Pumpkin patches pop up at four Surrey elementary schools, thanks to community support



If our students can’t go to the pumpkin patch, we bring the pumpkin patch to them! Thanks to the generosity of the City Dream Centre, several inner city elementary schools in our district will have their school fields transformed into fun and safe pumpkin patches.

This week, Lena Shaw, J.T. Brown, Prince Charles and W.E. Kinvig elementary schools will have onsite pumpkin patches, made possible by volunteers from the City Dream Centre and local community churches, with pumpkins donated from local farmers. The City Dream Centre is a non-profit organization that supports underprivileged and vulnerable populations in the Lower Mainland, and has worked with and supported all four of these schools in the past through other initiatives.

“City Dream Centre is a longstanding partner of the Surrey School District, where they have helped support many of our school communities, in a variety of ways,” said Laurie Larsen, Chair of the Surrey Board of Education. “This pumpkin patch opportunity was another way that City Dream Centre volunteers were able to come together to provide a special experience for students at the participating schools.

“Although field trips to the local pumpkin patch were not possible this year due to the pandemic, City Dream Centre was able to help bring the pumpkin patch experience directly to the schools and students. Thank you to City Dream Centre, their volunteers, and the pumpkin providers for helping this opportunity take place.”

The pumpkin patches have been set up by volunteers, following COVID-19 safety protocols such as wearing PPE. After the volunteers leave, students have the opportunity to explore the pumpkin patches in their cohorts and pick a pumpkin to take home.

“When we heard that schools were unable to do their usual field trips to the pumpkin patch, we knew we wanted to do something to help,” said Loretta Hibbs, Founder and President of City Dream Centre. “While some kids would still get there with their own families, we knew that for the inner city schools, that likely wouldn't be the case. We started by contacting the local growers, as well as the Newton Superstore and we ended up with a generous donation from each of them.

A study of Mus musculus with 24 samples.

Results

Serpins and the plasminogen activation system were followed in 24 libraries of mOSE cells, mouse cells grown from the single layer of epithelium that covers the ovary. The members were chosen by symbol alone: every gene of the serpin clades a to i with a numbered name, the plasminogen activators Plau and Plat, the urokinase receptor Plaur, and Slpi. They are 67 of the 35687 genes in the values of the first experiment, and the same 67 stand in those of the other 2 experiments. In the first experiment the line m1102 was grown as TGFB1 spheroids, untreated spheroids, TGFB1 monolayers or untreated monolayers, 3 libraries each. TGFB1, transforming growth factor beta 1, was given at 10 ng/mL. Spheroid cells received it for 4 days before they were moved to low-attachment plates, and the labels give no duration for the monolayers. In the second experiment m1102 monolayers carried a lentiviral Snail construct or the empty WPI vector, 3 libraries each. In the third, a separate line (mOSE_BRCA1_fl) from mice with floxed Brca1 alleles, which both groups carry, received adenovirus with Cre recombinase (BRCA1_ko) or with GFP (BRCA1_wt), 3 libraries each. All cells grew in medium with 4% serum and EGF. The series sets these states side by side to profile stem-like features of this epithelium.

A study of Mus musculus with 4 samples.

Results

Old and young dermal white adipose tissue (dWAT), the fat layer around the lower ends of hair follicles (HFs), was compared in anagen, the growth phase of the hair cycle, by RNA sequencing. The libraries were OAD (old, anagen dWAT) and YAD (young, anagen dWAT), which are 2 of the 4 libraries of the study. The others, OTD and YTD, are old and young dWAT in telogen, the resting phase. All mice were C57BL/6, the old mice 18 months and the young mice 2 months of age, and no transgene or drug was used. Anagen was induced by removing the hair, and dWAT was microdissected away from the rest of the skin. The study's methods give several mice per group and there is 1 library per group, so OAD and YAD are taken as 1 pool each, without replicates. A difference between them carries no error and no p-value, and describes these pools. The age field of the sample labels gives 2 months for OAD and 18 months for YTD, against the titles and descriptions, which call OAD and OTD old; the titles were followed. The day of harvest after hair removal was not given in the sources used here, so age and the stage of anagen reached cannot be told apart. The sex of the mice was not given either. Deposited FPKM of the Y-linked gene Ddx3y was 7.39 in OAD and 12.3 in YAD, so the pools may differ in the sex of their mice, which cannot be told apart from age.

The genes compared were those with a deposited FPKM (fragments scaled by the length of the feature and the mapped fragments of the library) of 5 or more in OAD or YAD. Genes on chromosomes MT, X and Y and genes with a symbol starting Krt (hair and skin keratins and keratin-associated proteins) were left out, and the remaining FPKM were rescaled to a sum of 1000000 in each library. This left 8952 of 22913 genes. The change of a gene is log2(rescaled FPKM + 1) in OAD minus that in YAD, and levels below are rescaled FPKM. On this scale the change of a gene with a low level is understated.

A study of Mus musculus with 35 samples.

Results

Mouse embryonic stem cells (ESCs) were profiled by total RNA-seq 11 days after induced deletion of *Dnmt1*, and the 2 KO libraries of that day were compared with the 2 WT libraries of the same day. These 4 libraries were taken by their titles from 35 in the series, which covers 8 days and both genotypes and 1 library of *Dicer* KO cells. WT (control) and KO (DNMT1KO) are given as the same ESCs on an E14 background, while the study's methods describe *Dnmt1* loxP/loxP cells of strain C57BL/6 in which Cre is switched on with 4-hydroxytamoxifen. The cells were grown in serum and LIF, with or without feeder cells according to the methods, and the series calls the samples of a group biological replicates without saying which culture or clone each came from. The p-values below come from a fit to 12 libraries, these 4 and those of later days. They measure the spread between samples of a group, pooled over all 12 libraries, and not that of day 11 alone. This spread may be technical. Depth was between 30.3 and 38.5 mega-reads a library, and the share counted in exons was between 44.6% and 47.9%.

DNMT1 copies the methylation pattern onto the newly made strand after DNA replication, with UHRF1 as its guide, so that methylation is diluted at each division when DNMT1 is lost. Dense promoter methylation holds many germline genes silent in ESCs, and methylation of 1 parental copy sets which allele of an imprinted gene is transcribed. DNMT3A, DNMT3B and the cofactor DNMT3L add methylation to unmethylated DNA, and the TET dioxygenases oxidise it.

“In the end, we only had to purchase 320 of the 1,820 pumpkins that we needed to cover four schools, and even that expense was covered by our supporters. We then put the word out to our volunteer email list and coordinated teams, trucks and drivers to get everything where it needed to go. We have loved putting this together and hope that it has been lots of fun for the kids.”

Jas Atwal, principal of W.E. Kinvig Elementary, said volunteers brought 300 pumpkins for his students to pick. He noted inner city schools don’t always have the ability to fundraise for offsite trips, so having these opportunities at school is a great way for all students to still have this seasonal experience.

“It opens the doors for a field trip right in your backyard,” he said. “The City Dream Centre is well aware of W.E. Kinvig Elementary and the need we have in our community. It’s wonderful cooperation that they have with us.”

Sean Chambers, principal of Lena Shaw Elementary, said the school is extremely grateful, knowing that some students’ families could not afford to visit a pumpkin patch on their own.

“I actually had a number of teachers message me,” he said. “I felt the elation and the gratitude from the staff about this activity being provided to our kids. This is a wonderful, heartfelt, positive opportunity amongst some of the anxieties going on in schools.”